F1 is set to allow two new teams through the paddock turnstiles for 2015. Days ago, the sport's chief executive said the bid made by Nascar team co-owner Gene Haas to enter F1 next year has been suc...
F1 is set to allow two new teams through the paddock turnstiles for 2015.
Days ago, the sport's chief executive said the bid made by Nascar team co-owner Gene Haas to enter F1 next year has been successful.
"I think Haas will be accepted," he said last week.
Now in Bahrain, the 83-year-old Briton said a second team has also been approved.
Zoran Stefanovich, chief of the failed Stefan GP outfit, has already confirmed he has withdrawn his application after failing to agree a 2015 engine deal.
So the second new 2015 team must be the former HRT chief, Colin Kolles, who according to Germany's Auto Motor und Sport has the backing of wealthy Monaco-based Romanians.
Ecclestone said on Sunday: "They (Haas) will be accepted, and we've also accepted another team as well, although whether they'll make it or not is another story.
"But we are happy to have another couple of teams. I've spoken to (FIA president) Jean Todt and we agreed."
Meanwhile, Ecclestone also told reporters in Bahrain he is confident some rule changes will be rushed through to appease fans who are unhappy with the 'new' face of F1.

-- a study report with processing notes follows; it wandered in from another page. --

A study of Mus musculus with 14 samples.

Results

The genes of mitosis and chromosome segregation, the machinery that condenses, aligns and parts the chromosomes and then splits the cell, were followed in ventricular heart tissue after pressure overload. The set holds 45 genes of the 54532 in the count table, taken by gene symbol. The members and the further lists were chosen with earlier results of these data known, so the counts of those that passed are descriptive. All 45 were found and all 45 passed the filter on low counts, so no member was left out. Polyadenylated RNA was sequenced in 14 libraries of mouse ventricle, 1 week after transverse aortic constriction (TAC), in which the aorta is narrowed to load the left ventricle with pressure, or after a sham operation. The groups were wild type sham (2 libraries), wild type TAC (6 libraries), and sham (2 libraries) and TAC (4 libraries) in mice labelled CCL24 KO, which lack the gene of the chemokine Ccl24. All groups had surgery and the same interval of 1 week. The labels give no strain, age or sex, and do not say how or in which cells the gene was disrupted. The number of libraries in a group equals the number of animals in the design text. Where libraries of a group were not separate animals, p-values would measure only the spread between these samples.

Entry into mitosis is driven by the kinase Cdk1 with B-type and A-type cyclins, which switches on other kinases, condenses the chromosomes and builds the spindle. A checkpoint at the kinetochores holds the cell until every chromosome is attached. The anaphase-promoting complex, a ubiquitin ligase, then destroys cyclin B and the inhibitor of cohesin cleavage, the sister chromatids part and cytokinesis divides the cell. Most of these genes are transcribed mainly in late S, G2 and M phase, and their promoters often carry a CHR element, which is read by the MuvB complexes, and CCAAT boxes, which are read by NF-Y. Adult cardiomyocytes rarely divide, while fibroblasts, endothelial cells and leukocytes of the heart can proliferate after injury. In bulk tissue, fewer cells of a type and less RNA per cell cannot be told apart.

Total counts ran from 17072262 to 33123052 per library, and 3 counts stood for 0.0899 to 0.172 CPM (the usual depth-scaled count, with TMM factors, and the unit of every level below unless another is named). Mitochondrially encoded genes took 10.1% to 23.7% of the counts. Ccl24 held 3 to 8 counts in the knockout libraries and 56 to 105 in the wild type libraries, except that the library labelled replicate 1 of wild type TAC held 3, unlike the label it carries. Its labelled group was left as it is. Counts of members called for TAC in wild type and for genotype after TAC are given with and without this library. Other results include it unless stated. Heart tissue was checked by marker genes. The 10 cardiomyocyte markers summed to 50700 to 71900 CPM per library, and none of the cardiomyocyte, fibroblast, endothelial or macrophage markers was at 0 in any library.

It appears the major changes under consideration are a relaxing of the engine 'freeze' rules - so that struggling Renault and Ferrari can catch up - and an extra 10kg of fuel for each car per race to end the 'economy runs'.
But total unanimity is required, and dominant Mercedes' Toto Wolff on Saturday said the prospect of mid-season rule changes is "absurd".
"Mercedes are going to be behind it. I think they'll be the leaders," Ecclestone said.
"We can do things without them particularly losing their advantage," he added. "Without any doubt they have done a better job and they shouldn't be punished for that."
Ferrari president Luca di Montezemolo, causing a stir in the paddock on Sunday with a rare appearance ahead of his talks with Ecclestone and Todt, is clearly pushing for changes.
But he also said he respects Mercedes' position at the front of the pack.
"It doesn't mean we have to change (rules) now," said the Italian, "but we need to look ahead.
"I think not changing the rules for the short time is possible to do. I understand Mercedes' position, but for me formula one is more important so we have to have common goals."